What we’re driving: Lexus UX 250h F Sport
What it costs: Lexus UX from around $45,450 (our Lexus UX 250h 2WD F Sport test drive sat at $56,950)
Why we’re driving it: The Japanese luxury brand’s newest model is also its first foray into the booming compact-luxury-crossover segment. Entry-level UX 200 variants were launched here in late 2018 while the hybrid UX 250h variants arrived in only mid-January.
The name UX is a derivation of the concept keywords “Urban + X-over (crossover)” and Lexus has designed the car to attract a new breed of young buyers to the brand.
There are three core UX models and eight trim grades, starting with a conventional 2.0-litre four-cylinder petrol in the 126kW UX 200 2WD ($44,450 to $53,450), rising to a 131kW self-charging hybrid in the UX 250h 2WD ($47,950 to $56,950), and onto same hybrid system driving all four wheels in the UX 250h AWD UX ($61,000 to $61,450).
Prestige car buyers looking at this size vehicle and price point should also be considering rival offerings such as the Audi Q2, BMW X1, Mercedes-Benz GLA and the Infiniti QX30.
On the outside: The production version’s exterior styling remains is surprisingly true to the 2016 Concept, with its coupé-like roofline and dramatically flared 4x4-style wheelarches, all wrapped in intricately sculpted bodywork that presents as an unconventional mix of styles.
Up front, there’s the signature Lexus spindle grille, which brings to my mind the image of a Samurai warrior’s full-face armour. This is flanked by distinctive headlamps topped with daytime running lights that look like the brooding brow of the aforementioned warrior. At the rear a sequence of LEDs run the full-width of the car to create a distinctive night-time signature.
The F Sport package we’re testing is also available on the UX 200 and adds 18-inch alloys, an exclusive grille treatment plus unique front and rear bumpers. Our review car also boasted a moon-roof costing $2500, and Khaki Metal-coloured premium paint costing $1500, for an all up RRP of $60,950.
Under the bonnet: The base engine for the UX range is a new 2.0-litre in-line four-cylinder, paired with two electric motor-generators in the hybrid models.
The hybrid system is fairly seamless at all speeds and you rarely have a sense of the systems switching, aside from a slight increase in engine noise or a pleasantly unexpected kick in the pants when the throttle is nailed .
Interestingly, while it may not be the range-topper, the UX 250h tested here is both the performance and the fuel-efficiency leader of the lineup, with a claimed 0-100km/h sprint of 8.5 seconds and combined cycle economy from 4.5 litres/100km.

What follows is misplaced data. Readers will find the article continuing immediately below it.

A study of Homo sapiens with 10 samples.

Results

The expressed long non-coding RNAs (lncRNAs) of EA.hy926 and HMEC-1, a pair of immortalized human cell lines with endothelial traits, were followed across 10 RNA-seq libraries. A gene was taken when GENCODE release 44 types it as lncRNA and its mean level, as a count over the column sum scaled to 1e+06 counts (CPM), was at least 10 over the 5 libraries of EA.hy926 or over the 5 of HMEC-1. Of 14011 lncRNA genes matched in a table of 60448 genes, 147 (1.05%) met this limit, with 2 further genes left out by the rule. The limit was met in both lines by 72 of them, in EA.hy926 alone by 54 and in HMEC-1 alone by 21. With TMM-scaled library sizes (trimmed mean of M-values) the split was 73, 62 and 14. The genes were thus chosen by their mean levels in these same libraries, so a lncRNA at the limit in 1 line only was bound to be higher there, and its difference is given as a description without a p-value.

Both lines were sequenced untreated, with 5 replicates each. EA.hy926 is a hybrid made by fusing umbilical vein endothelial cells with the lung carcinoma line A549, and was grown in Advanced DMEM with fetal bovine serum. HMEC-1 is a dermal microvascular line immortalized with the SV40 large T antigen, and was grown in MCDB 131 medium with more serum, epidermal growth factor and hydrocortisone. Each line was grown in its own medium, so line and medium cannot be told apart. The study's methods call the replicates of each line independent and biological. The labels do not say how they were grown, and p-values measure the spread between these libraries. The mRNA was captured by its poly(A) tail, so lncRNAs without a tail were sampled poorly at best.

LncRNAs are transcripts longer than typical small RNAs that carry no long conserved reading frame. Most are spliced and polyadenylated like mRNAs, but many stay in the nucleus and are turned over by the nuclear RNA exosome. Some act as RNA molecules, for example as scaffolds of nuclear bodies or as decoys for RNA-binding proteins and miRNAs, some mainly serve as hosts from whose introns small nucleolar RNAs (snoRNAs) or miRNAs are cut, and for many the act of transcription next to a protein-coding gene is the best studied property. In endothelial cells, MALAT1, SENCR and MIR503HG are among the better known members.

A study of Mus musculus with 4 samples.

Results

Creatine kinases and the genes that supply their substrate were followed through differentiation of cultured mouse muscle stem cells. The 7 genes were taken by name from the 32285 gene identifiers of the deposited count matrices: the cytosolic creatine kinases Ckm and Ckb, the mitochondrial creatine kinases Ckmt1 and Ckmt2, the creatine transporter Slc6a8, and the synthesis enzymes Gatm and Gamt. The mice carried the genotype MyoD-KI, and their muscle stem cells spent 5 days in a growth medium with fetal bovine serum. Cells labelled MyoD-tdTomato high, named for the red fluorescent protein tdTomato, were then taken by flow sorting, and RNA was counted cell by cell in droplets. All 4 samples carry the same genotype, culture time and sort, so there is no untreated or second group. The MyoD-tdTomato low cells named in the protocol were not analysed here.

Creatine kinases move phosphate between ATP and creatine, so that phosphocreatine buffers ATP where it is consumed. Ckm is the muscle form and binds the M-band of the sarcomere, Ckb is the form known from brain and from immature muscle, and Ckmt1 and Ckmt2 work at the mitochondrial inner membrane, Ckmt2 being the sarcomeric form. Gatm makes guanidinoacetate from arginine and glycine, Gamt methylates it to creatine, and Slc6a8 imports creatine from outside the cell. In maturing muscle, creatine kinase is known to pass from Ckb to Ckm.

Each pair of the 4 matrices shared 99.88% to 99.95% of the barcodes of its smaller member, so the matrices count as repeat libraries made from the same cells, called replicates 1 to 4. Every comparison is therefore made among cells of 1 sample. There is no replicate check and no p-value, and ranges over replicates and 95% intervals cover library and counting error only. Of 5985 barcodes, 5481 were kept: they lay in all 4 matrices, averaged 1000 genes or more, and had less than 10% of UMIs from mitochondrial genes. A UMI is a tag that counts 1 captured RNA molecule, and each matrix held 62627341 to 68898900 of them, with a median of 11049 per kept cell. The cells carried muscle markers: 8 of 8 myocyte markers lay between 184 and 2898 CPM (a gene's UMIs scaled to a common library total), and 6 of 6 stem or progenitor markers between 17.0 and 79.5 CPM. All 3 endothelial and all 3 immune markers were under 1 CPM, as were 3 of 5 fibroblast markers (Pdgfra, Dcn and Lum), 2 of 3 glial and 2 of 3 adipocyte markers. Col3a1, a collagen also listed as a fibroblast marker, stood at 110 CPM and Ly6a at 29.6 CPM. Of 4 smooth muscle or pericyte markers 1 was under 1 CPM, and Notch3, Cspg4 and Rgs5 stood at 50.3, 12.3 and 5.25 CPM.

On the inside: Opening the F Sport-enhanced 250h's door reveals a tastefully trimmed cabin featuring lashings of leather, including on its dash, its sculpted electric front seats, steering wheel and shift knob.
The design is a polarising mix of angles and shapes that shouts "edgy and modern" if not altogether fluid and cohesive.
There’s an 8-inch display screen for the sat nav and audio but we struck trouble when it came time to input an address and sync a phone, as it’s all controlled by a less-than-intuitive touch pad system which Lexus says is designed to mimic common mobile phone operations, such as double tapping and flicking but which bamboozled me in a way my iPhone never has.
While standard UX models get three drive modes (normal, economy and sport), the F Sport variants boast additional Sport + and Custom settings, all selected by a stubby stalk that protrudes from the side of the main instrument panel.
Selecting Sport or Sport+ brings the UX to life, with the digitally rendered instrument cluster glowing orange and then an angry red as revs climb.
Interior space is on par for the class, which means good front-seat accommodation but limited legroom for anyone other than kids in the rear.
On the road: The UX is the first model to be built on a new C-segment Lexus Global Architecture which promises a low centre of gravity and highly rigid body structure. In the case of this hybrid model, the low centre of gravity is further enhanced by placement of the nickel metal-hydride battery and cooling system under the rear seat.
Our sports-oriented UX felt decently responsive through its electrically-assisted tiller, and the integration of cornering assist in its stability control system helps minimise understeer in vigorous cornering. The overall impression across a mixed range of driving conditions is that it feels to have good levels of grip, is decently nimble and capable of rising to the whip when required.
In summary: The UX 250h 2WD F Sport is a highly competent and well-rounded machine with great tech, excellent fuel efficiency and a list of standard features that will cost many thousands more fitted to a German rivals.
In the Lexus tradition it’s extremely very well built, nicely finished and positioned at a price point that should open the brand up to the younger buyers it seeks. Perhaps the target market will relish the Game Boy challenge of its human-machine interface, but I found it unnecessarily complex.
The UX stops short of being a really riveting driving machine, but it does an admirable job of emulating the spirit of a new-age warm hatch, albeit one with the buff looks of a crossover.